I promised myself (not just an in-the-air promise – an actual written down promise) that the next time I had a lull, I’d take a morning for myself. And here I am – almost all current deadlines met, book edits on the way but not here yet – doing just that. I’m getting my hair cut, and before that, with nine minutes to spare, I’m having coffee and a scone at a sunlit, polka-dot-clad table in the coffee shop next door.
It’s quiet here this morning and I can hear everything. One person had her bank card swallowed by the machine, and couldn’t find her mascara. I totally get that, I tell her as I’m paying for my coffee. One time I forgot to put mascara on and everyone at work kept asking me if I was sick. “I know!” she says. “We have to paint on our happiness sometimes, don’t we.” Indeed we do.
Two uniformed girls walk in and ask for a table for four. I think about my time in school and how we never went to coffee shops. It must be a different world in school today, when four friends can meet for cappuccinos on a week-day morning. Then two elderly ladies walk in and join the girls. I don’t know if they are their grandmothers or their neighbours or why they’re meeting here this morning but I know I got it all wrong and everything about their rendezvous makes me happy.
I walk in to the hairdressers with my takeaway coffee and take a seat at the unforgiving mirror. Another woman arrives and takes a seat to my left. She knows her hairdresser better than I know mine (which is why I have more stray greys than she does I guess), and they greet one another like friends. “How are things?” asks the hairdresser. “Not great,” says the woman, and bursts into tears. She’s been up half the night with her mum. She takes turns with her siblings to look after her. The people in the hospital won’t listen to her. Her mum won’t listen either, but it’s not her fault. And she’s exhausted. Her husband keeps telling her they need help, but they can’t seem to get it. “Sorry,” she says to the hairdresser. “What am I like? But you know when you’ve had no sleep and you just can’t cope with anything.” It’s her day off work today, and I want to cry listening to her story but I’m glad she has this breathing space and a listening ear.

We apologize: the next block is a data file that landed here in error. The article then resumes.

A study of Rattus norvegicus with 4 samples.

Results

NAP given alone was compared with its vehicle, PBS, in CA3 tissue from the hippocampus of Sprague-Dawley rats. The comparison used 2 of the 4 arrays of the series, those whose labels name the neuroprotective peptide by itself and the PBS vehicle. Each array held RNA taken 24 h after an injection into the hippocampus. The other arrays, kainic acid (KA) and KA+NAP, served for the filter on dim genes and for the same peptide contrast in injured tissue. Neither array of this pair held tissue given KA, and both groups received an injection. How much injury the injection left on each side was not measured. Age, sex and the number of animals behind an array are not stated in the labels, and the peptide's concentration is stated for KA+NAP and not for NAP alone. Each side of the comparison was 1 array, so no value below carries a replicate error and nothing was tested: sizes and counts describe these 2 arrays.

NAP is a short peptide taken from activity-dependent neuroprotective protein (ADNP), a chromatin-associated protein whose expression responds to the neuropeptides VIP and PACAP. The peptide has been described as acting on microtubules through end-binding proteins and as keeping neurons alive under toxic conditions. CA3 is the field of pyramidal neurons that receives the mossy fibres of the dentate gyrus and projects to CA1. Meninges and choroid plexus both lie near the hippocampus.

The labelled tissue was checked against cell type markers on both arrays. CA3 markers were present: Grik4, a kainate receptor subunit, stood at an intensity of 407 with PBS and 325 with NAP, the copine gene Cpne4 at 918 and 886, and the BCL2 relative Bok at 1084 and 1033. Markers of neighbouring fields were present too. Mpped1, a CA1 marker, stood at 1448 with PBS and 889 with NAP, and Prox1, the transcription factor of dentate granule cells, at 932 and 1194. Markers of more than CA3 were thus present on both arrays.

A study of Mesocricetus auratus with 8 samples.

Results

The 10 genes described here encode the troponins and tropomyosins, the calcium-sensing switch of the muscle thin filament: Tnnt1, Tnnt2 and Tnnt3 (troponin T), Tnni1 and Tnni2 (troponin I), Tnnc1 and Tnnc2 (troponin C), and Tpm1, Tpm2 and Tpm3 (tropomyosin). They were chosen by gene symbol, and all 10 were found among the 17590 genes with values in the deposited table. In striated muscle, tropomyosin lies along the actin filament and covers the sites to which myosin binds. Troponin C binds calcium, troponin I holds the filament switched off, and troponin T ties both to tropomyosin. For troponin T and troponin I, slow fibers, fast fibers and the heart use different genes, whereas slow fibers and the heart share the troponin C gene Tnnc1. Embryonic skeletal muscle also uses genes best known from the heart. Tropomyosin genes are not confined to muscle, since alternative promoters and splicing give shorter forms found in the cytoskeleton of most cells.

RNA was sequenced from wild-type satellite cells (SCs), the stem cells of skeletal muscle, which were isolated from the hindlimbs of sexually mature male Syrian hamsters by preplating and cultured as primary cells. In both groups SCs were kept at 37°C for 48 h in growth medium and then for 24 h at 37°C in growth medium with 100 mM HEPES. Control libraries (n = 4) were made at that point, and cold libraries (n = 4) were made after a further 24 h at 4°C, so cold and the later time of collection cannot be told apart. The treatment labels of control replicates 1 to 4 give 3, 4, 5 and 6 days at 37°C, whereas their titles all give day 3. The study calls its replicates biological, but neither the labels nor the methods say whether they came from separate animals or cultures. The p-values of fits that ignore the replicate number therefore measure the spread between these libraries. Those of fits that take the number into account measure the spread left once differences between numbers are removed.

The woman to my right is talking about phones – hers keeps ringing but she refuses to answer she says. Apparently our thumbs are evolving because of how we use our phones she tells the hairdresser. She heard Ryan Tubridy (though she never normally listens to him) saying we can’t expect our children to put down their phones if we won’t. And she realised he was right. So now she puts her phone in a bowl in the kitchen every evening at 6pm and gets her husband to do the same. Breathing space.
Another woman arrives and goes straight to the basin. “What did you do for St Patrick’s Day?” asks the hairdresser. “I just cleaned my house – Sunday is my clean-the-house day,” she replies. “But St Patrick’s Day was Friday, not Sunday,” he points out. “Oh, that’s right,” she says. “Well if it was Friday, I did washing. Friday is my washing day. Twelve hours straight washing.” My hairdresser and I meet eyes in the mirror and smile. We don’t chat much – she seems happy with her thoughts and I’m happy with my book. Breathing space.
And now, after one more coffee for luck, it’s time to collect the kids. And it’s fine – it’s more than fine. I feel grateful and privileged and fixed.